If there’s one thing cinema has sorely missed, it’s the mid-budget beat ’em up flicks of yesteryear. When a bunch of muscled action stars would just kick the hell out of each other between one-liners with an absurd plot tying it all together. Top-notch examples being Commando, Top Gun, and Road House. Classic action films that work simply because all you need sometimes is cool people doing cool sh*t for 2 hours. Acclaimed filmmaker Gina Prince-Bythewood (Love & Basketball) seems to have adopted this template and given it a twist with The Old Guard. An adaptation of the comic book of the same name, the film follows a group of mercenaries tasked with defending humanity over the past few thousand years. They are threatened when an evil big-pharma exec (evil being a bit redundant in that profession) wants to strip these forever soldiers of their powers and use it for his own malevolent schemes. Lead by Charlize Theron, it’s big, it’s weird, it’s high-concept as f*ck – but it also, unfortunately, doesn’t always follow through on that fun premise.
The Old Guard is packed with quickly cut, high-octane action that recalls those films mentioned earlier (particularly an airplane brawl which is just bonkers), but as the film progresses one can’t help but wonder if there’s a very different movie at the heart of it all that was lost in the chaotic proceedings. Every now and again the film will slow down and come to life in a real way. The history and pain of this world are deeply felt, only to be deflated by a perfunctory pin-drop that leaves one wanting more. One of the main reasons being that the representation in the film is so good, with an LGBT+ couple that feels authentic and fleshed out, making their arcs satisfying and interesting to watch as well as Kiki Layne (If Beale Street Could Talk) having a ton of fun kicking ass while finding her way in a world she doesn’t yet understand. There are such fascinating characters at the center of The Old Guard and one can’t help but wish for a film that was more interested in them rather than getting to the next action beat.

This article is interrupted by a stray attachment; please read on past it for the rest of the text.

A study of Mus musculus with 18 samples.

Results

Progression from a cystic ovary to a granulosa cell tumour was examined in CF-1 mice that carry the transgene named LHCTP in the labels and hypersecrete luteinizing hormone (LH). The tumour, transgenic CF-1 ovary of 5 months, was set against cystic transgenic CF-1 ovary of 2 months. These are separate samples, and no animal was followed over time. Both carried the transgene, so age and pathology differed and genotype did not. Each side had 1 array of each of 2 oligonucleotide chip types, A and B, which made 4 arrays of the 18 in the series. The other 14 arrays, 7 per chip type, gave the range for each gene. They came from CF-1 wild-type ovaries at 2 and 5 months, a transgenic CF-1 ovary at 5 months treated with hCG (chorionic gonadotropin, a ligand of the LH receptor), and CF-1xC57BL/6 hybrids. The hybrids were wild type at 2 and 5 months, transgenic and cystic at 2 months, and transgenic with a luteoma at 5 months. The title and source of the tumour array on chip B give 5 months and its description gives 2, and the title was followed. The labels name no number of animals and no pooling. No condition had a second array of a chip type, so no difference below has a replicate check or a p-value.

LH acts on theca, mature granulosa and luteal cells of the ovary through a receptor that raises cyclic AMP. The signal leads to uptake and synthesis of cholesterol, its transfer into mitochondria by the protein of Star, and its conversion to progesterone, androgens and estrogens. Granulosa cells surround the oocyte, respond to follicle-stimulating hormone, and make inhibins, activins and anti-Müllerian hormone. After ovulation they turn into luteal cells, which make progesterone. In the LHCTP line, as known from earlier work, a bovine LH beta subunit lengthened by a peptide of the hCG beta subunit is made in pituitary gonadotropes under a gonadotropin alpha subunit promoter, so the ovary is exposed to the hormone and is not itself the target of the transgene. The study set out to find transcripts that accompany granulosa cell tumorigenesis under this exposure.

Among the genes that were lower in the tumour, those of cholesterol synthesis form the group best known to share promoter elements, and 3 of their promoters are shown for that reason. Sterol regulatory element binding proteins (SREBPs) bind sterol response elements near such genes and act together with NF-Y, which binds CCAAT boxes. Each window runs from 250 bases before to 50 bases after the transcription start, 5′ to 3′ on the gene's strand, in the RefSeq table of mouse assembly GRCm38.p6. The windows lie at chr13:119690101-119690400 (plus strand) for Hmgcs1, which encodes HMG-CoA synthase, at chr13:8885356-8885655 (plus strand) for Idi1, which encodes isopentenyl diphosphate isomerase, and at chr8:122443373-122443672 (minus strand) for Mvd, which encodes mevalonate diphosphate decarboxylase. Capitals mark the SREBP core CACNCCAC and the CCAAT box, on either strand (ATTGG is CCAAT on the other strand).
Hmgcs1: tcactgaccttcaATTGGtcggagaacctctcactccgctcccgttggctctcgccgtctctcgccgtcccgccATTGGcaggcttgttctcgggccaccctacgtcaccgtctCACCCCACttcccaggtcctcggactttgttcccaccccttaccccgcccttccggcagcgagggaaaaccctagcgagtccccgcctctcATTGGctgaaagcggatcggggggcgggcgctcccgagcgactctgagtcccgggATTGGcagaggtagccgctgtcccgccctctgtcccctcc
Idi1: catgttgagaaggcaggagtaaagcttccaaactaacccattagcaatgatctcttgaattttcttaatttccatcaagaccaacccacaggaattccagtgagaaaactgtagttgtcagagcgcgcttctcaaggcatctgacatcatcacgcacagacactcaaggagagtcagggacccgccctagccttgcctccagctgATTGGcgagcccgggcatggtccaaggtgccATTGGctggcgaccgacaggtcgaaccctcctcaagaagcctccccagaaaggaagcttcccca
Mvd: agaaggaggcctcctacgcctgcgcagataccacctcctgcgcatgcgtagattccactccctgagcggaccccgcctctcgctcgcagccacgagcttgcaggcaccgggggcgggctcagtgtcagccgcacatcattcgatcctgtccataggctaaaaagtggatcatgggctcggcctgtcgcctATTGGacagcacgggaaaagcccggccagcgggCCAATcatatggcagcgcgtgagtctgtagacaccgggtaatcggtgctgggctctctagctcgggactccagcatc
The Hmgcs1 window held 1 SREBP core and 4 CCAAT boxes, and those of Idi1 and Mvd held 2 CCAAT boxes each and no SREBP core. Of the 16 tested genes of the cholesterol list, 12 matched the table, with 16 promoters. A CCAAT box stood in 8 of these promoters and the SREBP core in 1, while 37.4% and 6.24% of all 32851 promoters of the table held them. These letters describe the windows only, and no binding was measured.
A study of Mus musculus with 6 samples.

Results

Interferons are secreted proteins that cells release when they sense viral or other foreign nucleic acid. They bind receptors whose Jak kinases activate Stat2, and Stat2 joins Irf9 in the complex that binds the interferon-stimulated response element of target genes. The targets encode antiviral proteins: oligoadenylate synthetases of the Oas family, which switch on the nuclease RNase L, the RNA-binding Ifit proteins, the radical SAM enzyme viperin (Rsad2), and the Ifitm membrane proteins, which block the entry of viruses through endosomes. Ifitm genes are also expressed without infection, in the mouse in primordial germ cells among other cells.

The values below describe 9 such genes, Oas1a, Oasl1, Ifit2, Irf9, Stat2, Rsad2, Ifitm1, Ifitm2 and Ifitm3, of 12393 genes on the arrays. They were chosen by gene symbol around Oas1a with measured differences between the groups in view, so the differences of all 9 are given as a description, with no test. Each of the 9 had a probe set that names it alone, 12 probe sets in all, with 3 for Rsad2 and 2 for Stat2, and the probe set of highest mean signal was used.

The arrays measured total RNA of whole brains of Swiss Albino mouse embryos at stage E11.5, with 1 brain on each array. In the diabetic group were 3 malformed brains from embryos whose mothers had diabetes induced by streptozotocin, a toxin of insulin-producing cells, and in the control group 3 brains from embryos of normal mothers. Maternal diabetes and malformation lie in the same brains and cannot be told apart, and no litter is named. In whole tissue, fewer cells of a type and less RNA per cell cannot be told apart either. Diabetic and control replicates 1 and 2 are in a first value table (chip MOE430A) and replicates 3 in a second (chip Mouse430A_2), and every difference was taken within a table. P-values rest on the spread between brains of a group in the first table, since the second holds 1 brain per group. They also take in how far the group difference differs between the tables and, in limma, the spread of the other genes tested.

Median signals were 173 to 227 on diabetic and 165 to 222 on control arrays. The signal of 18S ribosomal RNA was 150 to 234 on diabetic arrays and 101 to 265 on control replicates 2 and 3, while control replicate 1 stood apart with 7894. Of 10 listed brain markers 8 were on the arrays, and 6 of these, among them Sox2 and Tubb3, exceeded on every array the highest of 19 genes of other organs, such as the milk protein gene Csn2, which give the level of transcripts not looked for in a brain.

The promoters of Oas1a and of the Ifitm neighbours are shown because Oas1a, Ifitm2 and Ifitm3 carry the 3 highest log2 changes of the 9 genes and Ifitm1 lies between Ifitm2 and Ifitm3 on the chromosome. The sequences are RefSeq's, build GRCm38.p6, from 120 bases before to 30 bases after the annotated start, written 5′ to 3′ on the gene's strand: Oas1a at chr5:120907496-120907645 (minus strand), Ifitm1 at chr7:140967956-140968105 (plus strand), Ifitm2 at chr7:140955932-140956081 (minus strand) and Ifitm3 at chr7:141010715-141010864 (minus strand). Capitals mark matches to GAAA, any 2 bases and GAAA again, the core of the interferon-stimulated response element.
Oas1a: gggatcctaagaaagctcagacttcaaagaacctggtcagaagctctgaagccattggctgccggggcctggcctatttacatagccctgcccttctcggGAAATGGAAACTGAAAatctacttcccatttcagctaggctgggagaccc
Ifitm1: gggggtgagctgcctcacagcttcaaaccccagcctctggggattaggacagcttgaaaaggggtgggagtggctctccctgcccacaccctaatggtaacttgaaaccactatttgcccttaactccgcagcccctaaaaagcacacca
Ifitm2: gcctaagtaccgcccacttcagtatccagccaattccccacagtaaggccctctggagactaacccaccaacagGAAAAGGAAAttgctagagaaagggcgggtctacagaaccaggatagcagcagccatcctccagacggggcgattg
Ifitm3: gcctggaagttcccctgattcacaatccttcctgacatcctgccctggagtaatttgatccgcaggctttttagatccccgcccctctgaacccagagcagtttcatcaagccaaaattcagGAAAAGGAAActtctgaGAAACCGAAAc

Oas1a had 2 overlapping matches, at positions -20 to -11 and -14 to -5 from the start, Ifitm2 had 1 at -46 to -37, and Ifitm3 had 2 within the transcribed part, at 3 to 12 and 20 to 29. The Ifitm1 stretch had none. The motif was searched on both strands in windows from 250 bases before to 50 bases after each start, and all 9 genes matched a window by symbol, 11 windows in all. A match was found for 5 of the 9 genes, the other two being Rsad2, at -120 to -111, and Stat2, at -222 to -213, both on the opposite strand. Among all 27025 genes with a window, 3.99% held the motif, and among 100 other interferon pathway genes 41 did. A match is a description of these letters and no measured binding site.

Gina Prince-Bythewood makes a very admirable attempt to inject some soul and humanity into the zany proceedings, creating intimate moments where characters contemplate their purpose and the horrors beneath the human desire to live forever. This is accentuated by a very game Charlize Theron who lends the role of Andromache of Scythia (also called Andy) a dark bit of pathos. This is undercut, however, by action choices that hew closer to something like Suicide Squad than Prince-Bythewood’s past work, with frenetic editing and a grating pop soundtrack that feels as if one is watching a few dozen trailers play out. The film picks up vast existential ideas and drops them nearly immediately in favor of these action beats, becoming closer to a more standard action picture, when it really could have been (and what many can almost suspect was intended to be) a lot more than that.
It’s, of course, not fair to assume foul play behind the scenes, especially on Netflix films where the studio has bastioned itself as a place where directors can roam freely with minimal studio interference. What makes the viewer so suspect is when the film reveals its true intentions to be that of every ill-fated blockbuster… becoming a franchise. The Old Guard decides to go the MCU route, laying the groundwork for future sequels and spinoffs, complete with post-credits scenes and an eye-rolling ending which may as well have ended with “The Old Guard will return”.
When all is said and done, it’s hard to know what to make of a film like The Old Guard. One might find themselves liking more of what it tries to be – what it represents on a larger level than the film itself, which undercuts itself constantly with bland action and a sort of Marvelization that so many films have fallen victim to in recent years. In a film with so much talent and conceptual promise, it’s a shame to see the more mature aspirations be completely undermined by a studio’s bottom line.